Sarah's Story (Endo and Vulvar Cancer)Women are without a doubt stronger than men. What do men have to worry about? We are stuck with these reproductive organs that do nothing really but cause us HELL from the time they begin functioning. We have periods, cramps, endo, cancer, dysplasia, cysts, mood swings, and oh, when that’s over…MENOPAUSE. You know the drill. In case you couldn’t tell, I don’t get along well with my uterus and her friends.

My misery started at eight years-old. I was diagnosed with IBD (Irritable Bowel Disease). What a lovely thing to have. At 13 it turned into hell. I started my period. I was in and out of school, on every birth control there is, didn’t have many friends, and NEVER dated. We all know how embarrassing our symptoms can be let alone trying to deal with being a teenager as well. I saw 17 doctors and was labeled everything from a “drug-seeker” to “mental.” The last doctor was a psychiatrist. My parents were out of ideas. His diagnosis: I was completely SANE! There was that there was something medically wrong and his advice to my parents was to find out what it was before it was too late.

We finally found a GYN doctor two hours away. I sat in his office as he read through my four inch thick medical records. About halfway through, to my astonishment (and my parents), he through the papers up in the air. He said “I know exactly what’s wrong with you!” Oh boy, I thought, “He’s going to say I’m freaking crazy.” But wait, no, SURGERY. Say what? “I know what’s causing your pain, but I will have to do surgery to support my diagnosis.” So a week later after a four hour surgery I heard the dreaded word, ENDOMETRIOSIS. I had stage 4. It had gone on so long that I had three big lesions on my liver, my bowels were a tangled mess, and my bladder was covered. I went on the Lupron shot six months, I had horrible side effects. Who likes menopause? I was 24.The surgery and Lupron seemed to work. Awesome!

At 26 I got pregnant. Wow! Where did that come from? I told my boyfriend it was impossible. No way. There was too many odds against it. Scar tissue, tilted cervix, a totally messed up cycle? I had my son in October 2008. A few months later I was diagnosed with cancer of the vulva which only needed to be surgically removed. So far that problem has refused to come back, thank God, although I keep a close eye on it and have to have the occasional biopsy.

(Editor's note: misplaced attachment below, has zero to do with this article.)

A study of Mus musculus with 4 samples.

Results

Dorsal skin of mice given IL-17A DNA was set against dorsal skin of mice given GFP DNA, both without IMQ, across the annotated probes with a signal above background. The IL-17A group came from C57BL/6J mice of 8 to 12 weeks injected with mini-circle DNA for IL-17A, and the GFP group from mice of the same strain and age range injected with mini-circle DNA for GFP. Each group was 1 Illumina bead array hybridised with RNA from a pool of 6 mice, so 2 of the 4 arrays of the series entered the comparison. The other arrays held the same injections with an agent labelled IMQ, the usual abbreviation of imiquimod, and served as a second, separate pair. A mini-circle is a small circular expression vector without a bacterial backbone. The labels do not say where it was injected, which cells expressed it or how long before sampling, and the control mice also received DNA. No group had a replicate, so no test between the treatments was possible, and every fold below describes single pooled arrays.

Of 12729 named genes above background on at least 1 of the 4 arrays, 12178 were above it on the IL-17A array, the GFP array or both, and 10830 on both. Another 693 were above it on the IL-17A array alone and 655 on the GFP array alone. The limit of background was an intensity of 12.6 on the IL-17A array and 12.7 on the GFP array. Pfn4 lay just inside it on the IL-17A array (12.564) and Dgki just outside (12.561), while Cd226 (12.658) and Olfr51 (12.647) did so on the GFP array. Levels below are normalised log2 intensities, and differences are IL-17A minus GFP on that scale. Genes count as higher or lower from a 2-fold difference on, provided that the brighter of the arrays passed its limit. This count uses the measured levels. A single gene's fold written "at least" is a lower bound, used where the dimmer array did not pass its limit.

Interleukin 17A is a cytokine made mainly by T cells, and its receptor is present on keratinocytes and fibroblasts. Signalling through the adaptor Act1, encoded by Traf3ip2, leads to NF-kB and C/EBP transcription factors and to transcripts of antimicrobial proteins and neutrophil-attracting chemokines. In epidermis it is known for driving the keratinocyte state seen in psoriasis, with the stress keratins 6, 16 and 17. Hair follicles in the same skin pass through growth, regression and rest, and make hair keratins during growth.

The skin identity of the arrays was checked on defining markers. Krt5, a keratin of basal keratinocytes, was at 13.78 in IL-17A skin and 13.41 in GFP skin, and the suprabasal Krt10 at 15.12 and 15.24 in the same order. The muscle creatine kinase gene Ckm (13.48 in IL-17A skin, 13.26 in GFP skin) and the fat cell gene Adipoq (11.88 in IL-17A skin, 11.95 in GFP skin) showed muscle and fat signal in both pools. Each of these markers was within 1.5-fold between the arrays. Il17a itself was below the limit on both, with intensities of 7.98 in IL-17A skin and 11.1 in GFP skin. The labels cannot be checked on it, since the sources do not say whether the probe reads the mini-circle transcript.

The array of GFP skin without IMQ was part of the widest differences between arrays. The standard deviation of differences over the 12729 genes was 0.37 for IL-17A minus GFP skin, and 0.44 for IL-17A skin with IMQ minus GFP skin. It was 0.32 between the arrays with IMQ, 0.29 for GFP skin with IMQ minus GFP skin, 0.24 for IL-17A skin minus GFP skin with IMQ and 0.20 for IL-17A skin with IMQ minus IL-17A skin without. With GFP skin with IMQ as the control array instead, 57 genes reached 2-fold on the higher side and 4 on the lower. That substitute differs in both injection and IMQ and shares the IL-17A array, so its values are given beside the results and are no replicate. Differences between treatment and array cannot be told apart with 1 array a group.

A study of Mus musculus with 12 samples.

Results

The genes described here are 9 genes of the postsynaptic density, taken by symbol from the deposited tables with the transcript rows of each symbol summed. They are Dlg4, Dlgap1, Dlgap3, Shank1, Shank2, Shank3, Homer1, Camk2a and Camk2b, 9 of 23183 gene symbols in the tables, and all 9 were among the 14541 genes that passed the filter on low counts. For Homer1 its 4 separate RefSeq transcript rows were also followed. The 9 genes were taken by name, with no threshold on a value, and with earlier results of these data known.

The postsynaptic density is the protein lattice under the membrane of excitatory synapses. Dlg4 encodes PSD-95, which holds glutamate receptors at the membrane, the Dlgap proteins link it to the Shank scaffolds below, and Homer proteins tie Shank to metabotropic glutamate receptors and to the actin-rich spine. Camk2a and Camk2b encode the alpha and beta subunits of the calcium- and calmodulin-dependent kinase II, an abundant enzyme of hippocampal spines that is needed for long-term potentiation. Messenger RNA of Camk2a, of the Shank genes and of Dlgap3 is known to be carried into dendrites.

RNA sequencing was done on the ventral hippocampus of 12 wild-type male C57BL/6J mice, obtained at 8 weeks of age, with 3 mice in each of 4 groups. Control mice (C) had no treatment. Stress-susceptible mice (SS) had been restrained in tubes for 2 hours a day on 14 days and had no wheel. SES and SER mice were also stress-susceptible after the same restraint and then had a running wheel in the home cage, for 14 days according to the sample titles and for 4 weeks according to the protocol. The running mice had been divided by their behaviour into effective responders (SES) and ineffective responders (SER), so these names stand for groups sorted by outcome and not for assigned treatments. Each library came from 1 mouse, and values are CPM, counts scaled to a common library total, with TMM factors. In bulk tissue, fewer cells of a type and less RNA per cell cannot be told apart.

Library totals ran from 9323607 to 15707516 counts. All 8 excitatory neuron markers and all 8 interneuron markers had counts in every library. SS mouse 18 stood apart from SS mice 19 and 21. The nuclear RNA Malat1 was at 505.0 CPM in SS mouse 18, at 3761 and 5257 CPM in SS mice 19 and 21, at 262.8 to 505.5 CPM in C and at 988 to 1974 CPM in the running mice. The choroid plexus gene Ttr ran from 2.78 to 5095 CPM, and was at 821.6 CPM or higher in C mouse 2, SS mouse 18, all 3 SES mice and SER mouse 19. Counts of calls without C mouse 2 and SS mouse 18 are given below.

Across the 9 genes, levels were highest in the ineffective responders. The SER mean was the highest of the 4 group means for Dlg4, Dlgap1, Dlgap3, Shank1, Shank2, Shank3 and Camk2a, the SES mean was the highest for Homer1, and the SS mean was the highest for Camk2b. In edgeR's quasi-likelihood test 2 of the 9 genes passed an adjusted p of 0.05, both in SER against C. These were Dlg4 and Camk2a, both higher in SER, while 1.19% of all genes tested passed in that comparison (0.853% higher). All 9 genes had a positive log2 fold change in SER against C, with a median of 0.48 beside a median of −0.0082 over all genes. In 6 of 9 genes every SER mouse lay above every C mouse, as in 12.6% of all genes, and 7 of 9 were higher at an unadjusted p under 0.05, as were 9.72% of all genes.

My soul-mate and I got married. We had our daughter in 2010 at which time I had my tubes tied. I do have to say that regardless of the fact pregnancy doesn’t cure endo, I never had a single endo episode while I was pregnant. Truly the only time I didn’t suffer and could actually enjoy my sex life. I’ve had two laparoscopies and half an ovary removed since then. I went on Depo to try to control the craziness, but it doesn’t seem to hold it back much, not to mention the side effects. My husband often comes home to me standing with my shirt off in front of the fridge with my head stuck in the freezer door trying to get through another hot flash. Hey whatever works! But seriously, the fight in my story is this: I am sick and tired of the way I feel. I don’t even want to leave the house! So I have done my research, a lot of it. I’ve decided to take control of my own disease and find a doctor who will HELP fix the problem instead of band aiding it and putting my money in their pocket. I’ve made arrangements with a doctor that actually specializes in the removal of endometriosis and I’m making the thousand mile trip to do it. It will be costly, but who’s going to take care of me if I don’t take care of myself? There comes a time when enough is enough and I’m ready to fight.

Sarah
Indiana
Submitted 03/27/2014

The informational content of this article is intended to convey a personal experience and, because every person’s experience is unique, should not be relied upon as a substitute for professional healthcare advice.

This article is intended to convey general educational information and should not be relied upon as a substitute for professional healthcare advice.